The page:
Last month we enjoyed a break at the St. Moritz Hotel at Trebetherick in Cornwall, the south-west corner of England. The West Country is a favourite with many people living in the UK – a place where you’re most likely to enjoy some sunshine with a climate that’s not dissimilar with the Channel Islands and northern regions of France such as Brittany.
Here’s the front of the hotel on our arrival. On the left of the picture, you can see the hotel’s own Land Rover, bearing St. Moritz Hotel livery, used for promotional purposes as well as for transporting guests to and from, for example, the beach at nearby Polzeath.
After a warm welcome, we were shown to our “room” which was a roomy suite with a beautiful sea view. It comprised of a bedroom, bathroom, open plan living and dining area (with enough space for two single beds if staying as a family), a well-equipped kitchen and a spacious decked balcony.
Here’s the view from our decking, across the lawned areas and outdoor pool, and out towards the sea.
We stretched our legs and explored the surroundings, soon locating the outdoor pool and a seafood restaurant within the grounds.
The main restaurant is back in the main hotel building and led by Head Chef, James O’Connor, with a focus on locally sourced ingredients.
Here you are looking at a starter of “Black Pudding Fritters with New Potato, Apple, Crisp Pancetta and Shallot”.
For my main course I had the “Poached Lemon Sole with Beurre Blanc, Asparagus, Broad Bean and Pea”. Both were delicious, but to have a dessert as well would have sadly just been a little too much!
Children staying at the St Moritz Hotel are really well catered for. As well having their own menu that’s far more interesting than the usual chicken nuggets and chips, there’s a games room, a DVD collection, and lots
of other items available to borrow, from bicycles to buckets and spades. They even have a dedicated Mini Moritz website – cleverly written from the perspective of a child – and I’ll mention the opportunity to surf for the children who stay shortly.
The hotel has its own Cowshed Spa, heated indoor swimming (as well as the outdoor one) and a gym.
I really enjoyed the Cowshed Salt Scrub and Massage – a full body brushing followed by deep exfoliation and a Cowshed massage (a full body massage using signature Cowshed essential oils). My treatment came just days after completing a challenging off-road marathon in the Lake District so was a welcome tonic for those aching limbs.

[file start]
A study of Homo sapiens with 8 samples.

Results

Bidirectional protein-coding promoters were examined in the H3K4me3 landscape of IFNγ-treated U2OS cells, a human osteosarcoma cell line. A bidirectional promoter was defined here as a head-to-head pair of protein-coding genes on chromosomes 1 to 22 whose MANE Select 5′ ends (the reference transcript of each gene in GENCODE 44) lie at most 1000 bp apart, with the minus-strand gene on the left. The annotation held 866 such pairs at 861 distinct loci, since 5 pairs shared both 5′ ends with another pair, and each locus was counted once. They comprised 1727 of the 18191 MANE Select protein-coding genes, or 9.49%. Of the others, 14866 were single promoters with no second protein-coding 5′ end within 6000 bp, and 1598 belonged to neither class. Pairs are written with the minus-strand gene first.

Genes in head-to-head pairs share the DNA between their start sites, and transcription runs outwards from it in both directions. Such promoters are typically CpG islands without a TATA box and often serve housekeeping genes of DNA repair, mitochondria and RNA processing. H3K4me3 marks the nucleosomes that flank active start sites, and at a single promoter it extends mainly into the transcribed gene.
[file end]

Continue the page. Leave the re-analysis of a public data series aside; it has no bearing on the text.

In addition to the hotel’s own facilities, the location is perfect for a variety of other activities. There are three beaches all close by, each offering something different.
The closest of the three, just a short walk from the hotel and pictured below, is excellent for rock pooling. Slightly further afield is a beach with dunes and then a longer walk away (or a short drive) is the sandy beach of Polzeath, popular with surfers.
Polzeath is clearly the place to surf as the Duke of Cambridge and Prince Harry had been there just a day or two earlier. Anyway, I digress… the thing to note is that the St. Moritz Hotel has a tie-up with Wavehunters surf school down at Polzeath beach, and our two sons – who’d never surfed before – took this opportunity to have a go.
I listened in on bits of the lesson and was very impressed. The tuition was fun and engaging, but also didn’t skip on the important parts such as safety. Right from the onset (and before getting into the water, of course), the children were clearly told what signal to give if they found themselves in difficulty in the water and had it explained why just waving wasn’t a good idea. Â They then moved on to learning the correct names of various parts of the board, before moving on to technique.
They did a bit of running around to keep warm and were encouraged to bond and just enjoy it. Yet within the space of just about an hour or so, I think pretty much every child had managed to stand on their boards… considering many had never surfed before, I think that’s quite impressive progress in such a short period.
Back at the hotel, we decided to go for a little bit more of a wander. This is the rear of the hotel where there are some colourful beach huts and lots of ‘Fatboy’ hammocks (a Dutch make) to relax in. We could have easily relaxed here a bit longer, but unfortunately our time to leave was approaching all too quickly.
When our stay did came to an end, we decided to break up the journey a little and take in a local attraction so, with our children enjoying the BBC’s very popular Merlin TV series, we decided to head for Tintagel and fuel their interest in the legend of King Arthur. It would have been a shame to spend such a lovely day just sitting in the car.
Managed by English Heritage, Tintagel Castle is well worth a visit. There’s a short video you can watch, a shop and a café, and of course the castle ruins.
If you catch the tide right, you can also explore Merlin’s Cave, and there’s a small coastal cliff where a cascade of water tumbles straight into the sea (if the tide is in) – a photographer’s dream.